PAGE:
Only one other manager in the Texas Rangers' long history of skippers has stood in the same place that Ron Washington stands today, and unfortunately, we can't ask Johnny Oates how it felt to be there, on the cusp of reaching the dream of a lifetime.
Oates did it three times in his tenure as Rangers manager, winning the only three division titles in franchise history.
If Johnny O. were still here, I know exactly the counsel he would offer Washington as the Rangers prepare to dive into their final stretch of 17 games to polish off this historic season.
Stay the course.
Hold it steady.
Finish the job.
That's why I won't even bother to ask Washington how he's feeling right now, or what his strategy will be for these final 17 games. First, I have a pretty good idea what the answer to both questions would be. Second -- and this would make Oates proud -- Washington would be uncomfortable talking about anything except continuing to take it one game at a time.
Privately, he might share a few thoughts. But for public consumption at this critical juncture? No way.
Another former Rangers manager, Bobby Valentine, offered good advice to his former team on ESPN's "Baseball Tonight" telecast a few days ago.
"Feel it. Believe it. Understand that you're a good team going in."
Into the playoffs, he meant, and those are words of wisdom the Rangers can and should take to heart.
It is important that they feel good about themselves right now. As Valentine noted, don't ever underrate confidence. When the playoffs arrive and if, as may happen, the Rangers are facing the New York Yankees in the first round, the boys from Texas are going to feel as though the world is against them.
No one -- at least no one in the media capital of the world that is New York -- is going to believe in them in the playoffs until they step up and erase the memory of their sordid history in postseason play. Oh, sure, the East Coast writers will say, the Rangers are finally back in the playoffs, but we know how they perform there. We've seen it first hand, three times to the tune of one solitary victory in 10 postseason games. What did they score, two lousy runs in six games in '98 and '99?
Yawn. Who will the Yankees play next?
And never mind that three-game sweep of the Yankees that the Rangers just completed. That wasn't the playoffs, the Eastern wags will assert. Wait till October arrives and the pressure is really on. That's when the real Yankees and the real Rangers will show up.
Sorry to just bluntly lay it out like that, but get used to it. That Eastern bias that everything New York is perfect and anything else is below notice is headed our way like an express train.
Don't let it bother you. Most important, the Rangers can't let it bother them and they can't believe it either.
I don't think they will. Whether the Yankees, their fans or their media want to believe it, this isn't 1998 or 1999 and these aren't those Rangers. More important, these aren't those Yankees, a team that was arguably one of the best of all time in the middle of a dynastic run.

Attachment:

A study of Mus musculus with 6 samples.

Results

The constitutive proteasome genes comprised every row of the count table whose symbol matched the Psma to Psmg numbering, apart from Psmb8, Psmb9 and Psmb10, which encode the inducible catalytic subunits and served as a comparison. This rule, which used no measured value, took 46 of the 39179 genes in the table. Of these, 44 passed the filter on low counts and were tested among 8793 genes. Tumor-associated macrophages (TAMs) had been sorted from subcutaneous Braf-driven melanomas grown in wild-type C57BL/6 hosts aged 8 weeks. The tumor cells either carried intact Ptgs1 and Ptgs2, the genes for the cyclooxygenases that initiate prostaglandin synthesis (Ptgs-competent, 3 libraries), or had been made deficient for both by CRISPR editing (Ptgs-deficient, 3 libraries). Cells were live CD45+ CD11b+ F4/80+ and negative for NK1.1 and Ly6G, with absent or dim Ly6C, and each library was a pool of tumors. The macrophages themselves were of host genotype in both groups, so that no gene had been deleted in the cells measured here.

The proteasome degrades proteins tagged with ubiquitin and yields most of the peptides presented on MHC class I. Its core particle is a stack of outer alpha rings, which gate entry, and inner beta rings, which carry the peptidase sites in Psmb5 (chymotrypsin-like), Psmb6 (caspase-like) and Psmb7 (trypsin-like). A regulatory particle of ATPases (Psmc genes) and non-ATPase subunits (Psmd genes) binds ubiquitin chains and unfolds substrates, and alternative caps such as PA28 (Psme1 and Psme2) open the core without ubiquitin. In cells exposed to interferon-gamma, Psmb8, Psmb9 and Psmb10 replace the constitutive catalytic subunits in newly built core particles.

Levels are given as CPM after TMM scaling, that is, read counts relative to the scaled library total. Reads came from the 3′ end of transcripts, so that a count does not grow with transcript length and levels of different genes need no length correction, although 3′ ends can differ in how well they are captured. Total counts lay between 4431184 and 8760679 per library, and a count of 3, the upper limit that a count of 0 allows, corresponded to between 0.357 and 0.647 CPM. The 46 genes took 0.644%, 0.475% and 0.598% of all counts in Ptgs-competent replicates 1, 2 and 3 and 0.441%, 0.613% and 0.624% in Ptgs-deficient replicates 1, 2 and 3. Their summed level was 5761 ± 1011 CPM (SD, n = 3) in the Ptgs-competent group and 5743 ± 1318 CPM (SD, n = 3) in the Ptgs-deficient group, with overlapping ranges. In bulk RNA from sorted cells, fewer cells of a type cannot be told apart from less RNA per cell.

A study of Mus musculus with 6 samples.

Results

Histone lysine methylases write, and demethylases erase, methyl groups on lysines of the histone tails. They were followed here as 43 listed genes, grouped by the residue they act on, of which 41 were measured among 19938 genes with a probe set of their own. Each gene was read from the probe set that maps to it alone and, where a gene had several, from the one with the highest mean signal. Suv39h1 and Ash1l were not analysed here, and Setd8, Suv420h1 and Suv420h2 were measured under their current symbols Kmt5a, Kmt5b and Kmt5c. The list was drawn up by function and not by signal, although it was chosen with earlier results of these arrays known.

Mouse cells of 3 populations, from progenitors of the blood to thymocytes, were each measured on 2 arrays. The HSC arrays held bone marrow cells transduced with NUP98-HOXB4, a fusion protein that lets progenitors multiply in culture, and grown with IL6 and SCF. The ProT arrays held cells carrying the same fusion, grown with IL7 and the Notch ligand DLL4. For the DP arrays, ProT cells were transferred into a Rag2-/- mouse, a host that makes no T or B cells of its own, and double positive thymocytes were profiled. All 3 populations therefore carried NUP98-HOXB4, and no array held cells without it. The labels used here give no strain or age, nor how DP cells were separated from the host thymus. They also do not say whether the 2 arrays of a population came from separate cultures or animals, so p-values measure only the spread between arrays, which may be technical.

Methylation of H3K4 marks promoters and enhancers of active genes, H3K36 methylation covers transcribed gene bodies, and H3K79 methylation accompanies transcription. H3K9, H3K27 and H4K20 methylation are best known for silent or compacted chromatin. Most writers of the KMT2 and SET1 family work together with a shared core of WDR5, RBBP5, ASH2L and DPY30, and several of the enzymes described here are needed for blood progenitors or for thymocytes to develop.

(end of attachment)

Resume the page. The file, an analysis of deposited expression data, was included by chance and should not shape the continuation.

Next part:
Not to belittle the Yanks, because they're still plenty good. But the Rangers can play with them. In fact, they can play with anyone. Frankly, I'd rather see the Rangers face the Yankees in the first round than Tampa Bay, with its lineup of outstanding young pitchers.
But let's not kid ourselves, this isn't the same Rangers' team without Cliff Lee at the head of the rotation and Josh Hamilton in the middle of the batting order. They are the difference-makers on this team.
Lee, when he's on, can match up with any other ace in baseball, and that includes CC Sabathia. Hamilton is capable of turning a game around with one mighty swing.
That's why getting and keeping them both healthy -- along with finishing off the gritty Oakland A's -- has to be the Rangers' main focus over the final 17 games.
Oh, yeah, add one more goal to that list: continue to build confidence.
It's critical, Valentine said, that the Rangers are hitting on all cylinders at least a week before the playoffs begin.
The Rangers have to hit the end of the season fully believing that they can whip the Yankees or whomever they meet in the playoffs. Having Lee and Hamilton ready to go is the key to having that confidence.
Then it won't matter what anyone back East has to say. All that will matter is what happens on the field.
It has been a long season, a marathon race. The finish line, while still a few laps away, is finally in sight.
I swear I can hear Johnny Oates whispering his sage advice.
Stay the course.
Hold it steady.
Finish the job.
And one more thing.
The best is yet to come.
Jim Reeves, a former columnist with the Fort Worth Star-Telegram, is a regular contributor to ESPNDallas.com.